Thursday, September 12, 2013

Back to work (Eliza-beef-'n) - Lisa

Sigh.  I'm taking a break from fast, fun things and going back to work on my Elizabethan gear.  I've enjoyed making the underthings but so far I have not been inspired by the actual dress.  Maybe because we started these so long ago, and the project keeps being postponed?  Still, this is something we're doing, so I'm back in the saddle.  We recently cut muslins for our bodices and are ready to cut the fabric.  But before I do that, I need to fix what I've already done.  The neck opening for my chemise was too big and I couldn't keep it on.  None of the blackwork showed when I got dressed.  So I'm making it smaller.  What a pain.  Also, I'm aware that the opening should be big but it is too big for my taste.

First the blackwork facing had to come off and be made smaller.  I cut and sewed it back together less about 2 inches of width and 1 1/2 of length.  It was quite a lot, but I wanted to match the pattern on the embroidery as best I could.  I cut close to the turned edge at each corner so it had to be hand sewn to make sure the rough edges stayed turned under. Then I had to add fabric to the neck of the chemise.  Sounds simple, but it wasn't.  It was like adding the neck facing AGAIN.  I didn't want the addition to show meaning there were few places I could machine sew, so I gave up and sewed it by hand.


On to the skirt.  I had already sewn the cartridge pleats to the waistband but the front was... off.  So I put EVERYTHING back on and marked the center front and back a few (5) inches where I want the front to be relatively flat.  Then I pulled all that careful stitching and did it over.  By hand.  Grrrr.  But now it's done and I can hem it and put on trim.  (after I shrink the hoops by about an inch each because of course they are not quite right).  When I put skirt on, the weight of the fabric pushed the front of my farthingale out and I ended up on Margo Anderson's Facebook page where I got a lot of helpful suggestions.  I ended up putting the bumroll UNDER the farthingale which redistributed the weight into the proper shape.  The over skirt is now done.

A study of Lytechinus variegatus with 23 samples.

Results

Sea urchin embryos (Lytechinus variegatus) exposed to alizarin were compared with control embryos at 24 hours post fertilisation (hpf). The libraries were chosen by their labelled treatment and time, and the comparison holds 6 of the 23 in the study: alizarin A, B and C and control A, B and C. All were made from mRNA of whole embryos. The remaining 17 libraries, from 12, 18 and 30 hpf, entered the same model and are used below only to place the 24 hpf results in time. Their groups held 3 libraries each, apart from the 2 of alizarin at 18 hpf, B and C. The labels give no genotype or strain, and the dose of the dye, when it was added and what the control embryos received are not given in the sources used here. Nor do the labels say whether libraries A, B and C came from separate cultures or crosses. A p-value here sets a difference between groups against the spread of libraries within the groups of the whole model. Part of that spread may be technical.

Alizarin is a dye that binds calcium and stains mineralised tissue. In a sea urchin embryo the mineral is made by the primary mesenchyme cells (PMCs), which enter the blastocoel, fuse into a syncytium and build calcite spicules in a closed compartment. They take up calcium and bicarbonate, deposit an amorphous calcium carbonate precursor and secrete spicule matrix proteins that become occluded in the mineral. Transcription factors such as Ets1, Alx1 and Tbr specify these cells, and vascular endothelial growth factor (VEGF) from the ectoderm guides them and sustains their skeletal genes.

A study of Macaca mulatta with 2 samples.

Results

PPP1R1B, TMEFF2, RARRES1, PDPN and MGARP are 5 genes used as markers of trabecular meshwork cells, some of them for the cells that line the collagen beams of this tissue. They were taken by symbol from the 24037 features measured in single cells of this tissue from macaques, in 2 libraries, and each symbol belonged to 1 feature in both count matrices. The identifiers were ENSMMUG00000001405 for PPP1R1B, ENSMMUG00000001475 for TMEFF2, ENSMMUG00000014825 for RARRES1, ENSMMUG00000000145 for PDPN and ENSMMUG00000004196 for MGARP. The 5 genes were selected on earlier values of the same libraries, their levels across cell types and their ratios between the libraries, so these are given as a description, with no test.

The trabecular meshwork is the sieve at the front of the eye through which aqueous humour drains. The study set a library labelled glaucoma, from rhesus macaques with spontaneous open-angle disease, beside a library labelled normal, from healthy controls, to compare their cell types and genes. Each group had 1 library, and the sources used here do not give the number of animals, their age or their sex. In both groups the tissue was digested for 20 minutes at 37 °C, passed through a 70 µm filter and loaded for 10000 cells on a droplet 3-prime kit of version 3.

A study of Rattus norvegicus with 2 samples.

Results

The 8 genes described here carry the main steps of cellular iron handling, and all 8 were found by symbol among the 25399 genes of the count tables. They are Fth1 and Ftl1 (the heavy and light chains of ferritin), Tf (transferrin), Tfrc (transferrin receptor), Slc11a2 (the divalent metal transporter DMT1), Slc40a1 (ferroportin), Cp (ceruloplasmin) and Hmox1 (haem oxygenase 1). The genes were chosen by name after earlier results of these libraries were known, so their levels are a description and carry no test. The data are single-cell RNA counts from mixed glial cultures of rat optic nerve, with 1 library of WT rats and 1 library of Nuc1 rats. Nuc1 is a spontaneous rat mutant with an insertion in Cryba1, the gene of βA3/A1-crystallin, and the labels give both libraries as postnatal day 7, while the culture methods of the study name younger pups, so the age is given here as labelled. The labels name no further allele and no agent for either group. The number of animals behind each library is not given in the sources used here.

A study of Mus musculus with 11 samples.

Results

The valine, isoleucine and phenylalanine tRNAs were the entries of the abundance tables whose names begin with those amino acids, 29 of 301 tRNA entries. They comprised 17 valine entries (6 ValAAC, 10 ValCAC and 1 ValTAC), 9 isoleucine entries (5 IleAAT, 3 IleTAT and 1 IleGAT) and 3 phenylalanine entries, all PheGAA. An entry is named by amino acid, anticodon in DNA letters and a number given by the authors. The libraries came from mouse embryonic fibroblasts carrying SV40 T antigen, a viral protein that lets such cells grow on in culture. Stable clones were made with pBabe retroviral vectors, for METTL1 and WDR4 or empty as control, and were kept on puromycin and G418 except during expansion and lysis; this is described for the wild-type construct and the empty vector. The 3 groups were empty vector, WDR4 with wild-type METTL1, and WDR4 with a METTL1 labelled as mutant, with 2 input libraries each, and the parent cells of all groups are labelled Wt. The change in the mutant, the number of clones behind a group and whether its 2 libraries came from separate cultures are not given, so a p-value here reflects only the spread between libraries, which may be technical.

Next up is the fore panel.  Sad to admit that I wish I'd had more hot glue experience before I started it.  Arrgghh.  I had tentatively hemmed it, but that all changed once the overskirt was completely finished.  I finished hot gluing the black 'gems' and decided I needed to tack 'pearls' around them to disguise the hot glue mess.  Anything in ' ' can also be called 'plastic'.  Though once I got the ribbon trim on, I was pretty happy.

Here is a picture of the bottom half of my Elizabethan/Renaissance outfit.  All done.
I may add more to the forepanel, but I'm pretty sure I want a complete bodice first (wink).  I still need to shrink one of the hoops a little.  And the whole thing still seems a bit too big and shiny.  Probably because it IS big and shiny.

1 comment:

  1. So what if it looks shiny? It looks great. Skip the bodice! No one will notice!

    My best wishes on the hoop smallification. That is one thing I have been there/done that with. Do you really have to? How are they joined? If you need to, just cut at the join, reattach and let it be, don't try to adjust the curve. It will resolve itself (goes off to corner to weep over a sad sad day at the ErnieK labs...)(and even then, nobody noticed the middle hoop on the cake costume was off).